Title: Frozen Bubbles #4, Ice Formation, 2016-17
Print Size: 5.75 x 5.75
Print Type: Archival Pigment Print on Epson Exhibition Fiber Paper
Frame Size: 8 x8 inches
Print Edition: 3/35 of Small Size Print
Collection: FotoFilmic//SOLO Collection
Exhibition: FotoFilmic//SOLO Exhibition Award IV selected by Alex Webb & Rebecca Norris Webb (PULP Gallery, Vancouver)
Photographer Interview: Film Talks #34
Ships as: Mounted and framed
About "Ice Formation" This series captures ice formations on the swamps, ponds, lakes and rivers of Interior Alaska. Many of the formations are frozen bubbles of gases such as methane and carbon dioxide trapped under ice. When water freezes, it turns into ice slowly from the surface and traps the gases. The bubbles and freezing temperatures create unique geometric patterns. The diameter of the ice formations in these photos range from 10 to 30 inches. Because methane gas is considered one of the fundamental causes of greenhouse effects, scientists in Alaska are researching these frozen bubbles in relation to the global climate change. The water also shows other beautiful patterns in fall and winter. Snow falls on lakes and rivers, freezes, melts, refreezes and creates unique organic patterns on ice. The vapor in the air freezes as frost and grows intricate ice crystals. I try to capture the beauty and the dynamic changes of water in nature. I use my medium format film camera and black and white film to capture these images, so that I scan the negative and tone digitally in Photoshop before creating prints on archival paper. Through the process of digital split-toning, the printed images have a slight tint of color. By minimizing colors, viewers can focus on the elegance of the forms and shading created by clear transparent ice and white frost.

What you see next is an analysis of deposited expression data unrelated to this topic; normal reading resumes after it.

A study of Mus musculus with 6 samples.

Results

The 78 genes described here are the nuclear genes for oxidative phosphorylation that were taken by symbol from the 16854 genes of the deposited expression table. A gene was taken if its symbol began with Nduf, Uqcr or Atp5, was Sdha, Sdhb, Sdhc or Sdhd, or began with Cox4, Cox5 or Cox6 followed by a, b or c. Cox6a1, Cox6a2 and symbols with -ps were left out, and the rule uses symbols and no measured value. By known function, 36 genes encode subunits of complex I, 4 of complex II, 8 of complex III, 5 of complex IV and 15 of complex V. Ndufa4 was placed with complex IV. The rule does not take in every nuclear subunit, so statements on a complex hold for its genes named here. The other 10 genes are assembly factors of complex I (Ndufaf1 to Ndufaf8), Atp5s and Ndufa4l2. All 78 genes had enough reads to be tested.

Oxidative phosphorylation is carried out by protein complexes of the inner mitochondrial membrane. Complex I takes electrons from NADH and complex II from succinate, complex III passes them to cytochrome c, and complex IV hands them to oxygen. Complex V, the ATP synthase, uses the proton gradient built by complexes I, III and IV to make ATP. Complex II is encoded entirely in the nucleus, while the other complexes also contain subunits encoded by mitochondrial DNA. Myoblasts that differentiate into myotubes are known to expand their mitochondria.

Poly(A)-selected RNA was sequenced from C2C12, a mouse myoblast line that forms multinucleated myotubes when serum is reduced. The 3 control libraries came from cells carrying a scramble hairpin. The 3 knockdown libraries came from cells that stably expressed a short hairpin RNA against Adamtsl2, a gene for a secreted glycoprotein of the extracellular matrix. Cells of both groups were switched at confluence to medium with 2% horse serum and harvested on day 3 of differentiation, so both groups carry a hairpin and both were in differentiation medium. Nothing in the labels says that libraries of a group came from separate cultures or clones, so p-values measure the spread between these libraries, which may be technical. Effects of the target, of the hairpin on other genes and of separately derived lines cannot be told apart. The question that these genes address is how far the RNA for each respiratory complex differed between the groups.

Ryota Kaji Kajita is originally from Japan, completed his MFA degree in photography at the University of Alaska Fairbanks, worked at the University of Alaska Museum of the North as a collection photographer, and taught at the Joshibi University of Art and Design in Japan. His photographs have been exhibited in the Japan Professional Photographers Society Exhibition (2011), Alaska’s Rarefied Light (2012, 2013 & 2015), The Aesthetica Art Prize (2012 & 2013), Aperture Summer Open (2014), Geo-Cosmos Content Contest (2014) of The National Museum of Emerging Science and Innovation, FotoFilmic17 Winter Shortlist Show (2017) and other shows.
His photography series of “Ice Formation” is featured in the magazine “Photo Technique” (November/December 2012), "WIRED.com“ (August 2015), "城市画報-CITY ZINE-“ (January/Februray 2016), and is represented by Susan Spiritus Gallery in Newport Beach, California. His work became part of the Seattle Office of Arts & Cultural Affairs and The Alaska Contemporary Art Bank in 2013. He was selected for Blue Sky 2013 Pacific Northwest Photography Viewing Drawers Program (“Drawers”) of the Oregon Center for the Photographic Arts, and won the Grand Prize in ONWARD Compe ’13 International Photography Competition, the Student Abstract Category Award in 2013 American Aperture Awards (AX3), Juror’s Selection / Director’s Honorable Mention / Livebooks Website Award in Natural World 2014 Nation Wide Juried Photography Competition of the Center for Fine Art Photography in Colorado. He was chosen for a finalist of Lens Culture’s Earth Awards 2015 and CENTER Project Launch Grant Juror’s Choice recipient 2017 chosen by juror Mazie Harris, Assistant Curator, Department of Photographs, J. Paul Getty Museum.
His video documentary “Losing Ground” about Shishmaref Island’s severe erosion due to climate change, achieved the Cinema Committee Choice Award in Fairbanks Film Festival (2007), and was broadcast on the Alaska Shorts Program of Alaska One television (2012).
He has traveled to more than 50 remote Alaska villages by a two-seat, light aircraft and snowmobile for scientific research. He loves travelling, backpacking and cross-country skiing with a medium format film camera and always responds to the beauty of nature.